Activist calls for religious tolerance after Mangochi pork trouble

Malawi human rights activist Billy Mayaya has called for renouncing violence against non-Muslim groups in the eastern lakeshore district of Mangochi which is predominantly for Moslems.

Mayaya told Nyasa Times that it’s worrisome to note about violence that erupted when a trader Paulo Msangwa slaughtered a pig and went to sell it at Maldeco Market in the district.

This provoked the Moslems who rioted and a Magistrate Court ruled on Monday that that Msangwa was wrong because he continued selling the pork after he was warned that it was forbidden to do so in the area.

The ruling attracted a barrage of criticism from many people and others described it as miscarriage of justice.

Mayaya: Torelance

There was no immediate comment from Minister of Justice Fahad Assani, a Moslem himself.

But Mayaya called on Muslims mother body to take a stand on the matter.

“We appeal to the Muslim Association of Malawi and other Islamic umbrella bodies to make united calls for tolerance and peace amongst all communities,” Mayaya told Nyasa Times.

“ Our differences and traditions must not divide us but rather enrich our diversity and respect for one another.,” he added.

The rights campaigner pointed out that “Malawi is a secular state that thrives on diversity. “

He said: “We therefore call upon the Government, faith leaders and communities to thwart any attempts to divide Malawians. We appeal for peace and understanding to prevail.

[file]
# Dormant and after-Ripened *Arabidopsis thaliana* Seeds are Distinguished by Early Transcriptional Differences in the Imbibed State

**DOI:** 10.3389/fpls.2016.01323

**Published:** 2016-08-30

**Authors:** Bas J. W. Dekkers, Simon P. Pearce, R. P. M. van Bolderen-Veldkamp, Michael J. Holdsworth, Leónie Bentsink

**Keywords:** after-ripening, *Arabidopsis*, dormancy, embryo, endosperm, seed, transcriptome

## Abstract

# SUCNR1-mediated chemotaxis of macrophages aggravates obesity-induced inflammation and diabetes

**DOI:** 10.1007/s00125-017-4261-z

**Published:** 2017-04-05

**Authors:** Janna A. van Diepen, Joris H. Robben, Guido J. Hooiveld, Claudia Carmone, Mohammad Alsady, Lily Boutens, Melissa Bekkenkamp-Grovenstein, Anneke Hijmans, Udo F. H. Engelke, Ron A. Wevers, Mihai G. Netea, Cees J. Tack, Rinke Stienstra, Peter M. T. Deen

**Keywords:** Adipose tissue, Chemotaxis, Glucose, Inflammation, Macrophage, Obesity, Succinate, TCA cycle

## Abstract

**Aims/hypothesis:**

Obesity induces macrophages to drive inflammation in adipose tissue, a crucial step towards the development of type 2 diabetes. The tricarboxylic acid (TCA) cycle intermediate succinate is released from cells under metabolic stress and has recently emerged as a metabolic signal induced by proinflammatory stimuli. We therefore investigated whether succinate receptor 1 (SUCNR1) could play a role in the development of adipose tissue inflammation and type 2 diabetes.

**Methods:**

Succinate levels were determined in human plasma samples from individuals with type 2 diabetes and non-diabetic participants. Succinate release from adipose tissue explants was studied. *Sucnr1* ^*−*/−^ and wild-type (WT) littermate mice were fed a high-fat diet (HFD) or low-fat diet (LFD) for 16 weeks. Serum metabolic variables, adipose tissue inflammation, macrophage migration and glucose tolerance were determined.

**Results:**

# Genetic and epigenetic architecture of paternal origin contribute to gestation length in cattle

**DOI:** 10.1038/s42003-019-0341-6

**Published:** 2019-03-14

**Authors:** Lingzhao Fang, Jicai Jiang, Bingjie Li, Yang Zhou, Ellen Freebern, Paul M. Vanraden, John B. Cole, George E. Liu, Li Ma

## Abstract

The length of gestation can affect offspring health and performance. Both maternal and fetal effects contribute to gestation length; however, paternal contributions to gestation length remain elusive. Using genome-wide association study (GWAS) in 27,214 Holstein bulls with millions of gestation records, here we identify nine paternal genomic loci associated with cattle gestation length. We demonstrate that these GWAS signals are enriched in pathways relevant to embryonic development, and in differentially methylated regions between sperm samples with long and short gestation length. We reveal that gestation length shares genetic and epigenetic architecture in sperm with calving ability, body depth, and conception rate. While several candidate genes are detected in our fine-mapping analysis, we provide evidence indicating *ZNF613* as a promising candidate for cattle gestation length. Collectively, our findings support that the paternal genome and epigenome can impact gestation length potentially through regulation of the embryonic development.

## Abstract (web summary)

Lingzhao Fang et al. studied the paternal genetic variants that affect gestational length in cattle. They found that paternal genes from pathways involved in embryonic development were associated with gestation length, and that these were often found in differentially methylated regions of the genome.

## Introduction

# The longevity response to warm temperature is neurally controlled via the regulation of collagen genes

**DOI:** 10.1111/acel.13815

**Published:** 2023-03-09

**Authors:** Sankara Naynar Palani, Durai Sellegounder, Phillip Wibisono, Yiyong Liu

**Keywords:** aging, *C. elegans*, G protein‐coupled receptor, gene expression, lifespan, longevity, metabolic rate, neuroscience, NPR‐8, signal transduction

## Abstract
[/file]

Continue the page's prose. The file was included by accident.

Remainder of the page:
“Malawi cannot afford to be drawn into conflict. We have more to gain from understanding and recognising diversity rather than courting provocation.”

Law expert Justin Dzonzi, who is executive director of Justice Link, said there is no land in Malawi that is ruled by religious law

He warned that infamous Islamic groups such as Boko Haram in Nigeria and El Shabab in Somalia emerged in that fashion.

Dzonzi also criticised the Mangochi judgement saying itis unlawful and unconstitutional, arguing that it was wrong for the court to be in agreement with the accused persons that the businessperson was wrong to continue selling the pork after he was warned to stop.

“Business is guided by council by-laws and it is not an offence for anyone to sell pork anywhere in the country as long as they follow council by-laws,” he is quoted by The Nation newspaper.

“No one can be forced to follow the teachings of other religions. It is unfortunate and worrying to say Mangochi is an Islamic State,” Dzonzi said.

He also faulted the magistrate for failing to punish the accused persons, Bulugama Makunganya and others, after it was made clear that they confiscated and buried the pork belonging to the complainant.